Ruth Singer & Bethany Walker: The collaborative process
Interlace is a collaboration between textile artists Ruth Singer and Bethany Walker.
Ruth is perhaps best known for her textile manipulation and Bethany for her mixed media concrete compositions. Together they explore the combination of delicate and manipulated textiles set in concrete, a delightful combination of hard and soft materials.
Ruth draws inspiration largely from the concepts of growth, preservation, and heritage. Bethany prefers to explore connections and contrasts in an urban environment, offering an interesting balance of creative forces emphasized throughout the entire collaborative process.
Interlace will be on display at the Bilston Craft Gallery between 21 March 2015 and 18 April 2015.
Rarely do we get the opportunity to connect with two talented textile artists at the exact same time, so we were especially thrilled to learn more about Interlace from both Ruth Singer and Bethany Walker.
The combination of hard and soft material
TextileArtist.org: How did this collaboration come about?
Bethany Walker: I was approached by Ruth in July 2013 about the possibility of collaborating. Having studied her work through my school and college years, I jumped at the chance to work with such an established artist whom I held in such high regard.
What excited me the most about this potential collaboration was the prospect of combining Ruth’s beautifully manipulated fabrics with concrete. In my own work, there is actually no ‘fabric’ involved so I was intrigued to see how the two would mix.
Why did you choose to collaborate with Bethany?
Ruth Singer: I was intrigued by the combination of textile with concrete and felt my manipulated textiles would work well with Bethany’s compositions. I love the combination of hard and soft material and felt that a collaboration would be a great route to large-scale work.
I thought about it for several months, but the a-n Collaborations Bursary funding was what really compelled me to move from thought to action.
Why do you do collaborations?
RS: I find collaboration to be a way of learning more about my own practice as well as learning about someone else. Simply spending time with another maker, talking about your work, your techniques and, above all, your ideas is worth its weight in gold. By articulating and sharing ideas, barely-formed concepts, and directions for development, I have worked out new ways to work both in collaboration and in my own studio practice.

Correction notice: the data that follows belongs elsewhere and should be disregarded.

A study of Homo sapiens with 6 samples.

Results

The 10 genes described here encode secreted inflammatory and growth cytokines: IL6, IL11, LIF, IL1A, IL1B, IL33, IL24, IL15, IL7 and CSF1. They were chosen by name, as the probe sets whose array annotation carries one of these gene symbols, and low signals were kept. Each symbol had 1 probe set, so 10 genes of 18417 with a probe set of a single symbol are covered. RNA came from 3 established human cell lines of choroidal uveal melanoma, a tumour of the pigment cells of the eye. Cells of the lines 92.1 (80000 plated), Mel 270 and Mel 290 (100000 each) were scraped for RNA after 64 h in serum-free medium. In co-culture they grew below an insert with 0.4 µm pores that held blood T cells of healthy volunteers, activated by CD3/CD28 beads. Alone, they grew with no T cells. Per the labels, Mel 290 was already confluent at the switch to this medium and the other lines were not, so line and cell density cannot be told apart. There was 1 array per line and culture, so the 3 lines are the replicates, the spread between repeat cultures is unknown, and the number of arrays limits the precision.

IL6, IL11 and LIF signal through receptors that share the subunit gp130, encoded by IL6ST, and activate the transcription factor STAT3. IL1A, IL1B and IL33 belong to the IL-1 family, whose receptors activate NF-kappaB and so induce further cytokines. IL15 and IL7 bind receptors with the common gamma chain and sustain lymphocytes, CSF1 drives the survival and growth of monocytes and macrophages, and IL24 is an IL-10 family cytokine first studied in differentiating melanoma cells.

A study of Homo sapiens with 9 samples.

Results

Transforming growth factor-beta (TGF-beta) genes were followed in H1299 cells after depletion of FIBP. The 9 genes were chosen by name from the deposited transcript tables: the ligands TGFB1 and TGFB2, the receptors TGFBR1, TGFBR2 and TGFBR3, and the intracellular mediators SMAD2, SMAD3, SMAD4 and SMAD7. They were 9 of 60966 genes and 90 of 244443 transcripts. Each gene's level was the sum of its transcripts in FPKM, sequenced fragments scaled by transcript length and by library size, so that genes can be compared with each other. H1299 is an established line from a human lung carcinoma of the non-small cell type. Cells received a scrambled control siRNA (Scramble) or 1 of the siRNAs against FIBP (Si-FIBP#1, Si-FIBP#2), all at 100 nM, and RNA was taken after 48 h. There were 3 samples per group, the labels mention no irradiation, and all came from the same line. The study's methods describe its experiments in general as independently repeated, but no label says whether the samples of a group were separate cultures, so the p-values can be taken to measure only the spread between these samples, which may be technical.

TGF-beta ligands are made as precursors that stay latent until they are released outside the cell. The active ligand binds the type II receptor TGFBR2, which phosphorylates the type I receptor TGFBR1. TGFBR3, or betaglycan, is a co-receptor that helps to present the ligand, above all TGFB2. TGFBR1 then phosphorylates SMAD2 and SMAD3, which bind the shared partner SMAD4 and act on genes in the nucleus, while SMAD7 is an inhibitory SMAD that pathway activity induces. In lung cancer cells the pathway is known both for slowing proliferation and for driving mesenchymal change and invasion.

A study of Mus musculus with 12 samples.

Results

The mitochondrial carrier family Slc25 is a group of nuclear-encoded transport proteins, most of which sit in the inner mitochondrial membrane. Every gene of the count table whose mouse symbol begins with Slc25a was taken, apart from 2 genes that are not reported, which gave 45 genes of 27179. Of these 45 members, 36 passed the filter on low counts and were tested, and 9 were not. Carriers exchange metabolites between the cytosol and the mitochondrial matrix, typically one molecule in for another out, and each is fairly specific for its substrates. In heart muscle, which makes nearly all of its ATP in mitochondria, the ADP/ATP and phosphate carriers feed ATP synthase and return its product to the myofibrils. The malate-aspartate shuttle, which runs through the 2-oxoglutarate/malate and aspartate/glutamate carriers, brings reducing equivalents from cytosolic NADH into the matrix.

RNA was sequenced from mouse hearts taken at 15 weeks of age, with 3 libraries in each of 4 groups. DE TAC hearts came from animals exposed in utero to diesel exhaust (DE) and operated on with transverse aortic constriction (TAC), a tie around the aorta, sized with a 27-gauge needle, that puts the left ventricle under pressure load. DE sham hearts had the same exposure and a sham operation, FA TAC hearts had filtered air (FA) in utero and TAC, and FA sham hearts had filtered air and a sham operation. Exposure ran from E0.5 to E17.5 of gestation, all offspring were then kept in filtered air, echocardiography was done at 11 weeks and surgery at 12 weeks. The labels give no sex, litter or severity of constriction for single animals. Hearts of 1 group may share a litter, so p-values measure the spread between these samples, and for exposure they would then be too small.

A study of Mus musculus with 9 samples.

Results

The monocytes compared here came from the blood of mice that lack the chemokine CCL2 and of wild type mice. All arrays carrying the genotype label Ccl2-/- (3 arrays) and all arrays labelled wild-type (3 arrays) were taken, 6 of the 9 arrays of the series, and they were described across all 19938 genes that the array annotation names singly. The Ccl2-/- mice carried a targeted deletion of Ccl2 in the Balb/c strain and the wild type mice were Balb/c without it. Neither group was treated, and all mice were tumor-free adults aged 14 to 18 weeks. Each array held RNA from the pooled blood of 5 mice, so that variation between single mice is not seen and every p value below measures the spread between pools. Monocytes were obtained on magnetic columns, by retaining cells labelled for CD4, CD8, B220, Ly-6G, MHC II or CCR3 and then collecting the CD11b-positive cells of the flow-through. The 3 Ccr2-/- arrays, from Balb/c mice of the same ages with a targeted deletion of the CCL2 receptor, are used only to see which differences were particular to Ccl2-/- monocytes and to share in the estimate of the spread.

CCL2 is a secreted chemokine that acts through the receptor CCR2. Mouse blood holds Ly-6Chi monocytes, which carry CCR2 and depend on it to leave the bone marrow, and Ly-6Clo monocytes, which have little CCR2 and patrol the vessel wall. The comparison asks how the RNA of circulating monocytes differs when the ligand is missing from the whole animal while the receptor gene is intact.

The collaborative process
What have you learned through this collaborative process?
RS: Fruitful, potentially-long-term collaborations cannot be rushed. We’ve been lucky to have more than 12 months working together, with our travel and materials costs supported by the a-n Collaborations Bursary. This has enabled us to take our time, experiment, refine, and review our work to create something which we are both incredibly proud of.
We’ve also had mentoring support from Stella Corrall through the bursary. She has pushed us to think big and develop work which isn’t confined to a gallery wall.
BW: Working in collaboration also pushes your own practice no end, making you look at things in a whole different light, thus creating new avenues to explore. I would usually stick to a square or rectangular format but this collaborative process provided the opportunity to explore form – something I have wanted to do for a while.
Can you describe your first session working together?
BW: We arranged to meet at my studio. Neither of us really had an idea of what we wanted to create, just that we both interested in working towards public art commissions. We began by talking about what influenced us in our own work and found common ground in growth, lichen, and imperfections. We then began to explore this together.
We both brought samples of our own work, which we laid out on the workbench and spent a couple of hours discussing the possibilities. After the session I was left with a few samples from Ruth. I spent the next couple of weeks experimenting with these to see how I could combine these gorgeous fabric pieces with concrete without losing the fragility of them.
The excitement of waiting impatiently
What has the process been like since your first session?
RS: We’ve visited each others’ studios once a month or so for most of 2014 to assess and plan. There have been a lot of petals made and posted in batches up to Bethany for her to work on, and I have had the excitement of waiting (impatiently) to see the finished bowls.
We’ve also met up with our mentor a couple of times and visited the first exhibition of Interlace work. We are both very busy, so we tend to be very focused on getting the work planned and decisions made, but there is always time for a little gossip too! It is always good to get out of your studio and see someone else at work.
What next for the collaboration?
BW: Well, we have our launch exhibition at Bilston Craft Gallery opening Saturday March 21st , with a preview event from 1-3 pm. It runs until Saturday, 18th April, 2015. The project will then go on to The National Centre for Craft & Design (NCCD) in July where it will be part of an exhibition called ‘Synchronise’ which will showcase 15 or so collaborations between Design Factory members.
One of our aims for Interlace is for it to become involved in public art projects and large scale commissions, so no doubt we will be busy working on a few applications this year, too.
What are your thoughts on artistic collaboration? Who would you most enjoy an opportunity to work with? Leave your comments below.